The Liminal Landscape

The artist, writer and film director Derek Jarman spent much of his later life on the shingle  of Dungeness at his home Prospect Cottage. Jarman had purchased Prospect Cottage impulsively with an inheritance received from his father and used it as a second home and asa source of respite from his central London studio.

With his health declining having contracted AID’s, Jarman engaged with the landscape ofDungeness and returned to his first loves of gardening and nature. Jarman described his experiences of nature and the landscape surrounding his home in his diary. Published asModern Nature, Jarman’s diary is an intimate record of his life between 1989 and 1990, and recounts the wilderness of Dungeness and his time spent at Prospect Cottage in fascinating detail.

Sunday 1st of January 1989

Prospect Cottage, it's timbers black with pitch, stands on the shingle at Dungeness.Built eighty years ago at the sea’s edge – one stormy night many years ago wavesroared up to the front door threatening to swallow it..... Now the sea has retreatedleaving bands of shingle. You can see these clearly from the air; they fan out fromthe lighthouse at the tip of the Ness like contours on a map.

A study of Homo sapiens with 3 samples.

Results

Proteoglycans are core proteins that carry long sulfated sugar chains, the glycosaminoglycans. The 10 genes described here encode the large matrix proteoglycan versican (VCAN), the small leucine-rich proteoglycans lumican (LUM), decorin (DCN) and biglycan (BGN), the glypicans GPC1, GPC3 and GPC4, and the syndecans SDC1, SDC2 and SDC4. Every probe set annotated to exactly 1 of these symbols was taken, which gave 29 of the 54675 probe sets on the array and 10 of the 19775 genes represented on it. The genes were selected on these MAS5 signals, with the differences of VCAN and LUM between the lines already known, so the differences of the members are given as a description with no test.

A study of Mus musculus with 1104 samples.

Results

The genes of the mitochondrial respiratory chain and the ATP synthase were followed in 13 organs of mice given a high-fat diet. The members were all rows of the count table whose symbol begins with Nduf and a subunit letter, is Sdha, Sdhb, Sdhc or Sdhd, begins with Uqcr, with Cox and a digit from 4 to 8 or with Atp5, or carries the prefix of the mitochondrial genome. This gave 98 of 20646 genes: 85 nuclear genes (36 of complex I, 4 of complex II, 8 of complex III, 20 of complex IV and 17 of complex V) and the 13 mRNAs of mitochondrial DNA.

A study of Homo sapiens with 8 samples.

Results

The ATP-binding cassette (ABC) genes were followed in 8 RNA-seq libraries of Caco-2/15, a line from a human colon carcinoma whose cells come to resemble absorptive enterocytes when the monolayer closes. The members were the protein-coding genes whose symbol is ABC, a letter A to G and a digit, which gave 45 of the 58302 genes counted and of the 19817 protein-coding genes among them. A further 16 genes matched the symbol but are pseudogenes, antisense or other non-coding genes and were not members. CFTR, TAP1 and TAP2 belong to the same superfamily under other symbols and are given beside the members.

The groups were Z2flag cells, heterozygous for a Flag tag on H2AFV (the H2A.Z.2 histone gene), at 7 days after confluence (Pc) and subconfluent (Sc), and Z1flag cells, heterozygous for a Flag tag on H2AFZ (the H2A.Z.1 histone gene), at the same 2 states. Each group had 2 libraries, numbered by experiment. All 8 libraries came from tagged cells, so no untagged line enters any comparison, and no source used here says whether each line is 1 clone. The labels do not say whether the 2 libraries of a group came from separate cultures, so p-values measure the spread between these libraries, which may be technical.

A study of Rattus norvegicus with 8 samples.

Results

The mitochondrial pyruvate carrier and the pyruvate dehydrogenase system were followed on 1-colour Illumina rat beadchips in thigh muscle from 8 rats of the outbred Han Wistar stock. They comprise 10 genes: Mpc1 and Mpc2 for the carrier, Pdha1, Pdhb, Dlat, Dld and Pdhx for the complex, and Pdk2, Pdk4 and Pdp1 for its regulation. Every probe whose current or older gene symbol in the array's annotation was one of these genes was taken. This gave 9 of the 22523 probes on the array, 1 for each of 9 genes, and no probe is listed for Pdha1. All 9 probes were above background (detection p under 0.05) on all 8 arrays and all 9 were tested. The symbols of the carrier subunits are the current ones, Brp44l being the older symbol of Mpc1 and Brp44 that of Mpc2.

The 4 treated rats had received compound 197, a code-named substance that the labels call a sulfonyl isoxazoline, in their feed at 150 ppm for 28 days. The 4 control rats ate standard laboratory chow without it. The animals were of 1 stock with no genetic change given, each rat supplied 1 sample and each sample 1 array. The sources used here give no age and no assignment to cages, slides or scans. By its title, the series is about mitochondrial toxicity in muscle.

Prospect faces the rising sun across a road sparkling silver with sea mist. One smallclump of dark green broom breaks through the flat ochre shingle. Beyond, at thesea’s edge, are silhouetted a jumble of huts and fishing boats, and a brick kutch,long abandoned which has sunk like a pillbox at a crazy angle; in it, many years ago,the fishermen’s nets were boiled in amber preservative.

There are no walls or fences. My garden’s boundaries are the horizon. In this desolatelandscape the silence is only broken by the wind, and the gulls squabbling roundthe fishermen bringing in the afternoon catch. 

My own time spent in Dungeness in the summer of 2020 was inspired by the literary descriptions of Derek Jarman. My aim was to photograph the spaces he so vividly described and to create my own visual response to the landscape, as he had when writing his diary. In homage to Jarman, I also recorded my own written responses to the landscape in my diary.

Reference

Jarman, D. (2018) Modern Nature: The Journals of Derek Jarman, 1989 - 1990, London:Vintage. 


210mm x 280mm perfect bound soft back book. 60 colour pages on 200GSM uncoated paper with 350GSM uncoated cover.